MANILA - Three people were killed as rescuers searched for at least three others still missing with more than a hundred rescued after a ferry sank in waters off the central Philippines, the government said Sunday.
At least 110 people have been rescued after the sinking of the Maharlika II ferry on Saturday night, said President Benigno Aquino's spokeswoman Abigail Valte.
There had been some confusion over the number of people aboard the vessel when it went down but at least three were still unaccounted for, Valte said on government radio.
"They are trying to get a more precise number of the people who were on the vessel," she said.
Valte said the captain had told the coast guard there were 116 people on board when the vessel went down in bad weather, in contrast with earlier reports that there were only 84 passengers and crew on the manifest.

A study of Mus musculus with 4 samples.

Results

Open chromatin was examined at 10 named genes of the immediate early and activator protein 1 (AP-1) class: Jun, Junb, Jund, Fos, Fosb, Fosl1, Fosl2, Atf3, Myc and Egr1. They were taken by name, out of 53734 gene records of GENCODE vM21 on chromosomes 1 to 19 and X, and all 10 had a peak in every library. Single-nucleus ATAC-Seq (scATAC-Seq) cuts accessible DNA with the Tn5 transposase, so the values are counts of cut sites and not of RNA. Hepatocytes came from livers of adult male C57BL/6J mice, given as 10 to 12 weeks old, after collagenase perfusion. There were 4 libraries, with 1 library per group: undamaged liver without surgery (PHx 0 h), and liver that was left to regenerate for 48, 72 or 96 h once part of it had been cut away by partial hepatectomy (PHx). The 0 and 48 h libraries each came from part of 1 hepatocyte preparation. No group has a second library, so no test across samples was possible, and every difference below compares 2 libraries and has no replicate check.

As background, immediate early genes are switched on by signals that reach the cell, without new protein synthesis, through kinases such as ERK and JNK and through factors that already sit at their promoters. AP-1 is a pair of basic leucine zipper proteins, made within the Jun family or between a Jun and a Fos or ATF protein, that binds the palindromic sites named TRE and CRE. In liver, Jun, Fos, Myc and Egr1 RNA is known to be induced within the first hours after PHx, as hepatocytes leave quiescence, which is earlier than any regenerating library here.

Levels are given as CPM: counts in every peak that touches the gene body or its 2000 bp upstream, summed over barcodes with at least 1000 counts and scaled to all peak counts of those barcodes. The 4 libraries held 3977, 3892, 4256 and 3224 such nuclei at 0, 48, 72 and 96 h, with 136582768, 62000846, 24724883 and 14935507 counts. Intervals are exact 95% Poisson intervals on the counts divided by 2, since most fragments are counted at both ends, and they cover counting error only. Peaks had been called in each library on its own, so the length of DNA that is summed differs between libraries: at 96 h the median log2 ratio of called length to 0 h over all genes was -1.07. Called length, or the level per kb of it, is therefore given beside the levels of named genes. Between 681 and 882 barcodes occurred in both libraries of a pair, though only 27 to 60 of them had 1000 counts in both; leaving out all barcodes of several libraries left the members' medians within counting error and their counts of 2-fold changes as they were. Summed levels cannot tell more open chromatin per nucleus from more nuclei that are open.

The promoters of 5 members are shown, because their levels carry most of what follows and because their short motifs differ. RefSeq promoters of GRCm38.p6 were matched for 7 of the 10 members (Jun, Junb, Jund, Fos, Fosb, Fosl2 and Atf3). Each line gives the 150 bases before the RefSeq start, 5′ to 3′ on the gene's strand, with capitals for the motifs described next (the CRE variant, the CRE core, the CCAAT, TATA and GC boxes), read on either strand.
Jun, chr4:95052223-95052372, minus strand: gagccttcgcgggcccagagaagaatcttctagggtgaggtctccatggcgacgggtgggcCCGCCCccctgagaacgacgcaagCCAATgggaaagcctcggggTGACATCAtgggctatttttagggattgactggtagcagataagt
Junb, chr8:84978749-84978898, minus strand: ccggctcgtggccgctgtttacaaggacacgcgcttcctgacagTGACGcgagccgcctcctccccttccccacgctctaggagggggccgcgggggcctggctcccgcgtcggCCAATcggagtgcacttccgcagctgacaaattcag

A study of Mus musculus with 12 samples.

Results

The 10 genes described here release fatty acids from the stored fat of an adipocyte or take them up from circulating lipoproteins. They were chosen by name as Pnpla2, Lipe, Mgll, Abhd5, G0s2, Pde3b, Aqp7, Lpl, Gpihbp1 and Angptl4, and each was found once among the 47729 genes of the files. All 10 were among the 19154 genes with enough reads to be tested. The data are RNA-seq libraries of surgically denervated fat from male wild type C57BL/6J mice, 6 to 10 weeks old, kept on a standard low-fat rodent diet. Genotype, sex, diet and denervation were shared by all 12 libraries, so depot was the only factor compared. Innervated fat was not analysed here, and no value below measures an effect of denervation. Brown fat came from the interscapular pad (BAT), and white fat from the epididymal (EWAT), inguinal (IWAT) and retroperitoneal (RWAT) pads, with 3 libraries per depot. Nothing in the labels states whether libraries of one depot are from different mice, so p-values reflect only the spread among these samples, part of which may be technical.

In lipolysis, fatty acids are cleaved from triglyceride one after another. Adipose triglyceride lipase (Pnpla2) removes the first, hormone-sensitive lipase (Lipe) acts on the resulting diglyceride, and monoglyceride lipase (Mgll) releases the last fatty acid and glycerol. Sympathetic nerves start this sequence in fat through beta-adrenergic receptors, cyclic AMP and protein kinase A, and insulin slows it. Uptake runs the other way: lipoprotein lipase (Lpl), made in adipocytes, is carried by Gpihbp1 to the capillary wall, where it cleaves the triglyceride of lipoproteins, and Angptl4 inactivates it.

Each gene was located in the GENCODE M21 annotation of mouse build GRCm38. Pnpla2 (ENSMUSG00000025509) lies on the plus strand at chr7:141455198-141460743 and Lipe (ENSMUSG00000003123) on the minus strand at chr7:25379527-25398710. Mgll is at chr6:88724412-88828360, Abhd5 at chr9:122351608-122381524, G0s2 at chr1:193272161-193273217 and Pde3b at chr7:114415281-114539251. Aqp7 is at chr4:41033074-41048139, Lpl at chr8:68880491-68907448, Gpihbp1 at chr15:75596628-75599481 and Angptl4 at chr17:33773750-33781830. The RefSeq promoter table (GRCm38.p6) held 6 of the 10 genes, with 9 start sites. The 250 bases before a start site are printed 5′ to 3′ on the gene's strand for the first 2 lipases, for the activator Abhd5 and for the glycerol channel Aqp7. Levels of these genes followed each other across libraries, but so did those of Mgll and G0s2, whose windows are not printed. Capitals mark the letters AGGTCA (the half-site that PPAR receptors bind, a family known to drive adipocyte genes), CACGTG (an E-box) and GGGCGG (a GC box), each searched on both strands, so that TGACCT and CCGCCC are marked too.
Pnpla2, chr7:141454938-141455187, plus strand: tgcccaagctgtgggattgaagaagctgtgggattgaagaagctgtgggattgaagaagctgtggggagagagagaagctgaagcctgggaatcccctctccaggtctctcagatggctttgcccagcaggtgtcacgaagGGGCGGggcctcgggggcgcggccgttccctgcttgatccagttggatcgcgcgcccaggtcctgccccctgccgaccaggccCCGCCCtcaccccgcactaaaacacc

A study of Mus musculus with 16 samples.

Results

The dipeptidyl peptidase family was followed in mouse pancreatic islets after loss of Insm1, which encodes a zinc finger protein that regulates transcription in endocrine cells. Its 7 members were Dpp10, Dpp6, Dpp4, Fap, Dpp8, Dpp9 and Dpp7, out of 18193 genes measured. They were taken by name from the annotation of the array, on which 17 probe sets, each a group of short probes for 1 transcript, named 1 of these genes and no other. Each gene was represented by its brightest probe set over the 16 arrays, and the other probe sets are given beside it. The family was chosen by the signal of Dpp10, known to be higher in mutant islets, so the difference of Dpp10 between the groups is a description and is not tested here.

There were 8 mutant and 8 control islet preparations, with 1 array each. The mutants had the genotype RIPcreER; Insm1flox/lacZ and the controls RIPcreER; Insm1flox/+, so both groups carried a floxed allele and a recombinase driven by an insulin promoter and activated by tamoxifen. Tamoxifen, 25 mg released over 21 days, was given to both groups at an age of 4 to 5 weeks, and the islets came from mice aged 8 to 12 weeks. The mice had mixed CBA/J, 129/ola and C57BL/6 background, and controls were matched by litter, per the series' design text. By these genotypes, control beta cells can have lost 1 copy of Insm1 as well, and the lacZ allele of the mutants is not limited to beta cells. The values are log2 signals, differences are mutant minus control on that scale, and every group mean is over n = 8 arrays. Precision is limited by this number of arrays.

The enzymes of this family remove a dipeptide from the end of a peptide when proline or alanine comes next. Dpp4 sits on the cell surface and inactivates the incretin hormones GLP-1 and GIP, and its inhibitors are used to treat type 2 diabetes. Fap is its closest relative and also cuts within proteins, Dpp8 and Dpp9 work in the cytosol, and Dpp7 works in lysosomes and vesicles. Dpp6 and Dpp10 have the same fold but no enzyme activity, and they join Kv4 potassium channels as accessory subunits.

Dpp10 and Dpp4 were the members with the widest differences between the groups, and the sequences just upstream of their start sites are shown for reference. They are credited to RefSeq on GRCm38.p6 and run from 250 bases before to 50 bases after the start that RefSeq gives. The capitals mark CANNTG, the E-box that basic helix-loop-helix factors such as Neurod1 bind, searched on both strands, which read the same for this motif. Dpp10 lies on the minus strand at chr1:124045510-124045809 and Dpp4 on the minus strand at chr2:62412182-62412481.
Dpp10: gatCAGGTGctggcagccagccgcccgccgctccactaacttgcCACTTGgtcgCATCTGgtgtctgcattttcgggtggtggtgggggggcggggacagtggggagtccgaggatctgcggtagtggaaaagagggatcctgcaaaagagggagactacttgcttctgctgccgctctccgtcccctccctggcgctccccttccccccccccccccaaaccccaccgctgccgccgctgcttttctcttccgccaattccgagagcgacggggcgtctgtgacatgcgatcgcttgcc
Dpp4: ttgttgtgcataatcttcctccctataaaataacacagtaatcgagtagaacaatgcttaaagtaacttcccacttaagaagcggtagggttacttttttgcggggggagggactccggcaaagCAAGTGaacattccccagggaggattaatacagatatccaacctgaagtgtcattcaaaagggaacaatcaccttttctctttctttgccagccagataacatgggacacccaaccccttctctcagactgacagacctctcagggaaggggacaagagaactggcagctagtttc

Valte said rescue boats were still searching for survivors at the scene of the sinking, about six nautical miles from the small island of Panaon, or about 680 kilometres (420 miles) south of Manila.
It was not clear why the manifest listed far fewer people but it is common practice in the Philippines for some passengers to board without being listed.
The vessel was hit by huge waves during bad weather worsened by the approach of Typhoon Kalmaegi to the northern Philippines, civil defence officials said earlier.
The ship took on water and went down as coast guard and private vessels rushed to pick up the survivors.
Poorly-maintained, loosely-regulated ferries are the backbone of maritime travel in the sprawling archipelago.
But this has led to frequent accidents that have claimed hundreds of lives in recent years, including the world's worst peacetime maritime disaster in 1987 when the Dona Paz ferry collided with an oil tanker, leaving more than 4,300 dead.